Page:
An application for two new wind turbines on the outskirts of Derry has been refused over concerns that the local area is shouldering the ‘bulk’ of responsibility in terms of renewable energy.
The application was for the construction of two turbines at the existing Monnaboy Wind farm, which currently contains four wind turbines after planning permission was granted on October 4, 2012.
The location of Monnaboy Wind Farm is on land located east of 62 Monnaboy Road in Greysteel and the applicant is Gaelectric Developments Ltd.
An application was previously deferred for reconsideration following severe flooding in the Eglinton area event in August 2017.
It came before a meeting of Derry City and Strabane District Council’s Planning Committee earlier this year, where voted not to accept the recommendation to approve the application due to fears over the impact it would have on the character of the surrounding landscape.
The application was discussed again at the September meeting of the Planning Committee, held in the Guildhall, which was told that 82 letters of objection had been submitted in relation to the proposal.
Some of the main areas of concern are, public health implications, the impact on wildlife, natural habitats, landscape quality and heritage sites.
At the meeting, an objector was given the opportunity to address the committee, telling the councillors that the current turbines are already ‘overbearing’ and there is ‘constant noise’ which would ‘increase’ if two turbines were added.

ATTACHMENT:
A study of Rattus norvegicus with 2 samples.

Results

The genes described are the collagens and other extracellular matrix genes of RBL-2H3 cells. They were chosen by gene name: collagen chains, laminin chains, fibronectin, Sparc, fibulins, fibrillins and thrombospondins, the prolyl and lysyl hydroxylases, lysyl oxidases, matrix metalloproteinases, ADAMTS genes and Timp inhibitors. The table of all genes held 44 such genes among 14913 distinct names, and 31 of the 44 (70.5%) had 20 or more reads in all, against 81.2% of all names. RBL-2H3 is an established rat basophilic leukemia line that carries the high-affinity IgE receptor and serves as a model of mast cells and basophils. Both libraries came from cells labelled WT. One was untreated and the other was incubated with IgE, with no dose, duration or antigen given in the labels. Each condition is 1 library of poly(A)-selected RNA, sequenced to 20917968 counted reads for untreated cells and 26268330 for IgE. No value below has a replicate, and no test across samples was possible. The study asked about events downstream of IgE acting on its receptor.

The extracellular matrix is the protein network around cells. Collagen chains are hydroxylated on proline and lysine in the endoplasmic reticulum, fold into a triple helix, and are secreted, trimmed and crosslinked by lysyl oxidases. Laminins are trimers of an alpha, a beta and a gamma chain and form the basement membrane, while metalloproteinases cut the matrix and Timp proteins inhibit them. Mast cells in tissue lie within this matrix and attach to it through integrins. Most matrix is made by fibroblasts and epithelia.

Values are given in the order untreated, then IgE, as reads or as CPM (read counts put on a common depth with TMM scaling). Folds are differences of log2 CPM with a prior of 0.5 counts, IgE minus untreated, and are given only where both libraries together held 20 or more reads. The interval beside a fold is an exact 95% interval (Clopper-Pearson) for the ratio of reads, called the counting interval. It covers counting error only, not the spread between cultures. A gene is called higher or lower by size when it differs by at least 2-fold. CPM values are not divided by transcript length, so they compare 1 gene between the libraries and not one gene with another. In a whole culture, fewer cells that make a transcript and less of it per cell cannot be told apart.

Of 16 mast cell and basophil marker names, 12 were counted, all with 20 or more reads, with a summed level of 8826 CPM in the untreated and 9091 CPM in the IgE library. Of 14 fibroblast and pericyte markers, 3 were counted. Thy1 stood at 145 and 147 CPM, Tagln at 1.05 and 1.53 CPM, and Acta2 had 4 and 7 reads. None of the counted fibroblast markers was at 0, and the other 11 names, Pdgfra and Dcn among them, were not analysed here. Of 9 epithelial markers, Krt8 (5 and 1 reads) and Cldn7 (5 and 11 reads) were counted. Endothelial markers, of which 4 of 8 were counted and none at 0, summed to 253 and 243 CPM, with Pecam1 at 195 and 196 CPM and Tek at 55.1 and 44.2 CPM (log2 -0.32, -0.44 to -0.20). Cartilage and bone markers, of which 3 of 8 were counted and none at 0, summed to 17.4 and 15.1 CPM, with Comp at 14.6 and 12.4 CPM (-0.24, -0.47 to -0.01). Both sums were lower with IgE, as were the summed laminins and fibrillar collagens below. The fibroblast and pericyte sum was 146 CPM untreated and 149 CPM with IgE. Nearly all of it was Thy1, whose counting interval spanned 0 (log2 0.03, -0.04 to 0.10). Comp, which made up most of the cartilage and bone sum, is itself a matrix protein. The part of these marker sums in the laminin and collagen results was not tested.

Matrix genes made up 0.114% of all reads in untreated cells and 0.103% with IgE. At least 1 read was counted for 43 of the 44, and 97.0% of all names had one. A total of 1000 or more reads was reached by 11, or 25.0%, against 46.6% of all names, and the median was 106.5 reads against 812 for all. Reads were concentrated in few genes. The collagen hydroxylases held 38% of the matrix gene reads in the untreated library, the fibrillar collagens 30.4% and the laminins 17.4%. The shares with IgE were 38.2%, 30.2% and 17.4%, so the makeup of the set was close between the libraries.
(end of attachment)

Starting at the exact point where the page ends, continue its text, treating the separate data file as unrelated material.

She said there is ‘no relief at night time’ and people living within a 20km radius have to deal with a ‘constant flickering of lights’ which has forced residents to grow hedges higher to ‘reduce noise’ and the ‘visual impact’.
In her view, the wind turbines were ‘eroding the character’ of the area and she believed residents should have the same rights as other ‘country dwellers’.
The turbines were not required to meet any renewable energy targets, she added, and the Derry City and Strabane District Council area was ‘carrying the full burden’ in comparison to neighbouring council areas.
Commenting, Sinn Féin councillor Kieran McGuire said Derry City and Strabane District Council has been carrying the ‘bulk’ of responsibility in terms of meeting targets when other council areas are ‘not doing anything’.
He proposed refusing the application which was seconded by his party colleague Christopher Jackson.
Another Sinn Féin Councillor, Dan Kelly, also said the figures were ‘alarming’ and that this council area was ‘leading the way’.
He believed that if the council had been performing poorly it would’ve been ‘splashed over the front page of papers’.
The proposal to refuse the application was supported by the majority of councillors.